Geoff hasn’t seen much of his son for two years. The ex-wife took Davey to live on the other side of the world, and they only got back recently.
In the run-up to this Father’s Day, Geoff gets out the last card he had from Davey, a crumpled affair from two years back. Clearly made at school, it says
Dear Dad, Happy Father’s Day
Or, more exactly, Hapy Fathers Day.
The colours have long faded but he can still see it’s signed Love, Davey.
“I’ve got your room ready, Davey,” Geoff says brightly on the phone during the week.
There’s a pause on the line before Davey says, “I’m Dave now.”
“Let’s just make it a day visit,” says the ex-wife. “Easier all round. It’s been a while, after all.”
She’s probably right, concedes Geoff. Davey – sorry, Dave – has been away a long time with his mother and a man who isn’t his father.
So Dave is deposited at Geoff’s on Father’s Day.
Holding his son close is the same as ever. The best thing in the world, bar none. Of course, Dave has grown. He’s seven years old, wears a Cricket Australia T-shirt, and needs a haircut. But he’s surely the same inside.
“What would you like to do today?” Geoff asks Dave. He asked the very same question on the phone a few days ago, and got nothing useful.
By way of response, Dave pulls something flat out of his bag. That’s when Geoff realizes he’ll be playing second fiddle to an iPad mini.
Geoff is about to lay down the law, but the kid has only just got here. Cut him some slack, he tells himself.
Sure enough, Dave puts the iPad away for lunch.
The boy is quieter than he was, and has a wariness about him. To be expected, of course. He’s older and hasn’t seen his father for months.
After a massive pizza, Dave returns to his iPad.
“What are you doing there?” Geoff hopes he’s not being groomed or downloading porn.
“Killer Diller,” replies Dave.
“It’s a game?”
Geoff glances at the screen, where aliens are running about. He curses Sonya for allowing Dave to bring the damn thing, but it could be worse.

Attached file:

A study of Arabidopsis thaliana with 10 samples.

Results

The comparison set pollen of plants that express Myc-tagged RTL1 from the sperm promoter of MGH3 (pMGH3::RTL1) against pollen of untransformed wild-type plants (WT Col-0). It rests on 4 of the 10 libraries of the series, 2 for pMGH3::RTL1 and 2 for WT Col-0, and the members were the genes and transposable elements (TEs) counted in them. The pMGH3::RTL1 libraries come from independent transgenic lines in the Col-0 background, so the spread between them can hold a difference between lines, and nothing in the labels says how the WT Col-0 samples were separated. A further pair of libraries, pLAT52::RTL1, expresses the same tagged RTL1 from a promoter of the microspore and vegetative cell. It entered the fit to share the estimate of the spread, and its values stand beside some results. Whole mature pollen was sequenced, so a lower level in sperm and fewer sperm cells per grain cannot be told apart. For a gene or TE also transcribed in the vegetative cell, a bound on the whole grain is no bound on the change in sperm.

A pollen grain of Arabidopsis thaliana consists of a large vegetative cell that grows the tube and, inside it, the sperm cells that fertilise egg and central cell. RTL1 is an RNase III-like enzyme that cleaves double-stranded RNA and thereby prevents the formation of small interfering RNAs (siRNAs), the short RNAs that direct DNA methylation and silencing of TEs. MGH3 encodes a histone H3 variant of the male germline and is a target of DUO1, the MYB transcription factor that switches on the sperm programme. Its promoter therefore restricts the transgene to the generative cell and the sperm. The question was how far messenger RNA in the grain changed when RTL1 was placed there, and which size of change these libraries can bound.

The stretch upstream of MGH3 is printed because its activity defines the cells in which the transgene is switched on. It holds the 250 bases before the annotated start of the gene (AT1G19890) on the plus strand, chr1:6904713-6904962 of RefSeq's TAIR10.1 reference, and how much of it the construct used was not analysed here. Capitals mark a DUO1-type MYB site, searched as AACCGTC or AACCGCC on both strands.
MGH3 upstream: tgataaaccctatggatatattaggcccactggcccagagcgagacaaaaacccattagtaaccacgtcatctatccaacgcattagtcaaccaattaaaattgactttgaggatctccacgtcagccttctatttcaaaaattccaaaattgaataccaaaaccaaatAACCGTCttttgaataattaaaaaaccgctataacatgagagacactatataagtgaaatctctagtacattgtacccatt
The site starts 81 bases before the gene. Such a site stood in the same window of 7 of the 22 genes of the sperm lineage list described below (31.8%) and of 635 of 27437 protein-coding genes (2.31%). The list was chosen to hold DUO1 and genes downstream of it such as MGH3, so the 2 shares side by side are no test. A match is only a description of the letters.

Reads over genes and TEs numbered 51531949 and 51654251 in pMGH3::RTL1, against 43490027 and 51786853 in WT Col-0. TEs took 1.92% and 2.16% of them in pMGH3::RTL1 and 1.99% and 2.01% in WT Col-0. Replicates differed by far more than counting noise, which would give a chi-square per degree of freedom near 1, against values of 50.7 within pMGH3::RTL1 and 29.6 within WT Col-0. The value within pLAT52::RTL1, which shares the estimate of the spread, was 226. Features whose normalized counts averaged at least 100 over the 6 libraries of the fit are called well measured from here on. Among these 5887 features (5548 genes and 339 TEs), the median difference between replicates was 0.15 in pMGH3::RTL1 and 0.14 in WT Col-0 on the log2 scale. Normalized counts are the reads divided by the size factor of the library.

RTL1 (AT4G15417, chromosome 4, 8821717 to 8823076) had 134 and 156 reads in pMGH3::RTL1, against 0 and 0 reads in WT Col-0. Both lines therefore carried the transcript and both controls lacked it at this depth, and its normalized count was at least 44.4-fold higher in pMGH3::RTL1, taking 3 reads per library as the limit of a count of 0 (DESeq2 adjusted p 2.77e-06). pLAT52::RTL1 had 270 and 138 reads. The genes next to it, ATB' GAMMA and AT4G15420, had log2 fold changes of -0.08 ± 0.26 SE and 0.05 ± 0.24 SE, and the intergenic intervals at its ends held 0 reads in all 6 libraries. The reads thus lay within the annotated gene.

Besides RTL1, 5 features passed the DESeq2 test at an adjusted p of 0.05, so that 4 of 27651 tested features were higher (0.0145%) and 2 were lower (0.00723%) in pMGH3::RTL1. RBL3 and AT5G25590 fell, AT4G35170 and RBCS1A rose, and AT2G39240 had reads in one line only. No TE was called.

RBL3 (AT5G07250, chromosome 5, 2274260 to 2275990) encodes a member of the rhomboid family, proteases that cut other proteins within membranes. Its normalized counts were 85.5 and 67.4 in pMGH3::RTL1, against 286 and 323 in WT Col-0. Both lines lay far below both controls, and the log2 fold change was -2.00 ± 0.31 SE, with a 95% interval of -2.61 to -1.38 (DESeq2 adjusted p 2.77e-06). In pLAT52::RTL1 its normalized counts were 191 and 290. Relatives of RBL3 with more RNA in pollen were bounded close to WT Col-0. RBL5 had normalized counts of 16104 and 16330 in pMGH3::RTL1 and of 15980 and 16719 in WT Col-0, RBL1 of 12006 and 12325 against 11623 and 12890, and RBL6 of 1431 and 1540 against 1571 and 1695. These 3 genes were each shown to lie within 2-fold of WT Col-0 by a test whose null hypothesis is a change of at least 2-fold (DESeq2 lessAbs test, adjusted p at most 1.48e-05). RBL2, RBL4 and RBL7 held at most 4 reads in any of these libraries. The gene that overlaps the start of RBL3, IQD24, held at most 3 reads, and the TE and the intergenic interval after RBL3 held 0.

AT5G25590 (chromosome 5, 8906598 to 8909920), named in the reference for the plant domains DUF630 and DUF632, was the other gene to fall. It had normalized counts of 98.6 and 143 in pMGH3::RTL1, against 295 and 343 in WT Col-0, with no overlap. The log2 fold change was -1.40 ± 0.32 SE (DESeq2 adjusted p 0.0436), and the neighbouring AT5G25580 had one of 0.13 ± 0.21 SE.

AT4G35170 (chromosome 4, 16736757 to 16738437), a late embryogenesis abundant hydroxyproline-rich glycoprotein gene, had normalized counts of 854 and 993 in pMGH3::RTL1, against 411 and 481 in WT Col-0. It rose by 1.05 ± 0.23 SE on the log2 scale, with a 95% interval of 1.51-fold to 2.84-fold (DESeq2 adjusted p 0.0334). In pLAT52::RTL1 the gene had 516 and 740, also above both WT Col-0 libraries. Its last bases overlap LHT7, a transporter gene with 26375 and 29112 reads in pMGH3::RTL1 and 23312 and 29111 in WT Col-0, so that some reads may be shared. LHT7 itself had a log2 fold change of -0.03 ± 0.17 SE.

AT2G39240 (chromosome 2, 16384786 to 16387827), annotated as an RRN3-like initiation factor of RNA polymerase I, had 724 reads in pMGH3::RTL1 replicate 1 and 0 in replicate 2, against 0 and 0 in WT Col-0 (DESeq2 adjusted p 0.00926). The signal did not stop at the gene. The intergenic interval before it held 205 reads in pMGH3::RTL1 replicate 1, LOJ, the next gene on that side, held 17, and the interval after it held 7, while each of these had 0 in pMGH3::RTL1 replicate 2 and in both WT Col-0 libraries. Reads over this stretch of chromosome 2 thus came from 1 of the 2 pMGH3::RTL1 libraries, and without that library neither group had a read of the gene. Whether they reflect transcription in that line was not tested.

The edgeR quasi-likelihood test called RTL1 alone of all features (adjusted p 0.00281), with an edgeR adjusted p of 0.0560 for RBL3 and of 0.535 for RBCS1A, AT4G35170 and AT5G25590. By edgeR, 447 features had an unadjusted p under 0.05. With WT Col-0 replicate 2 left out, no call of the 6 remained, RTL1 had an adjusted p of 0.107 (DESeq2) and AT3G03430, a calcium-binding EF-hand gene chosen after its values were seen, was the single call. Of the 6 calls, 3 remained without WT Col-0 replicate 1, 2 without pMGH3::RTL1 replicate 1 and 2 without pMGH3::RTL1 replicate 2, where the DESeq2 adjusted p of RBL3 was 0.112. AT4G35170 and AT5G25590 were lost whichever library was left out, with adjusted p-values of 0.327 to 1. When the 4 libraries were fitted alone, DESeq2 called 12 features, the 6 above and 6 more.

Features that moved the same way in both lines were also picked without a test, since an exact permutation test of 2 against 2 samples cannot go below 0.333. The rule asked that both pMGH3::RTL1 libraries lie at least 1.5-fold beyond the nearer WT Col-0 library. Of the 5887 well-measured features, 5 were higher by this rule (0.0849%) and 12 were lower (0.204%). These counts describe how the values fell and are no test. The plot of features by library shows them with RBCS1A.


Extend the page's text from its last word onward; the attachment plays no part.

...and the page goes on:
“Right. Well, don’t play Killer Diller all day. We could go to the park. I’ve got a new football.”
“I’ve got my iPad,” Dave reminds him.
“Well,” says Geoff. “Maybe a bit later we can have a kick-about.”
“Cool?” says Dave without looking up.
“Want some juice?” Geoff has stocked his fridge with Dave’s favourite tropical juice drink, the kind that strips tooth enamel faster than battery acid.
“Got any Seven-Up?”
“I don’t think so.” That’s another dental disaster, but the occasional can won’t hurt. “Do you have Seven-Up every day?”
Eventually Geoff prises Dave off his game with the promise that they’ll stop for some Seven-Up on the way back from the park.
It’s sunny in the park, and Dave becomes almost animated, but that, Geoff reasons, is probably because he’s letting him get all the goals. Dave is barely trying.
The day passes so slowly that Geoff can hear it creaking. Dave doesn’t want to talk or play with Lego so he goes back to Killer Diller. Is this what it is to be a dad in today’s world?
At 6 p.m. Dave’s mother comes to collect him.
“Did you give Daddy his card?” she asks.
Dave gets out a mass-produced envelope and hands it over without expression.
Geoff hugs him.
Geoff and his son are just two of the characters from my forthcoming novel Hampstead Fever, out on June 30.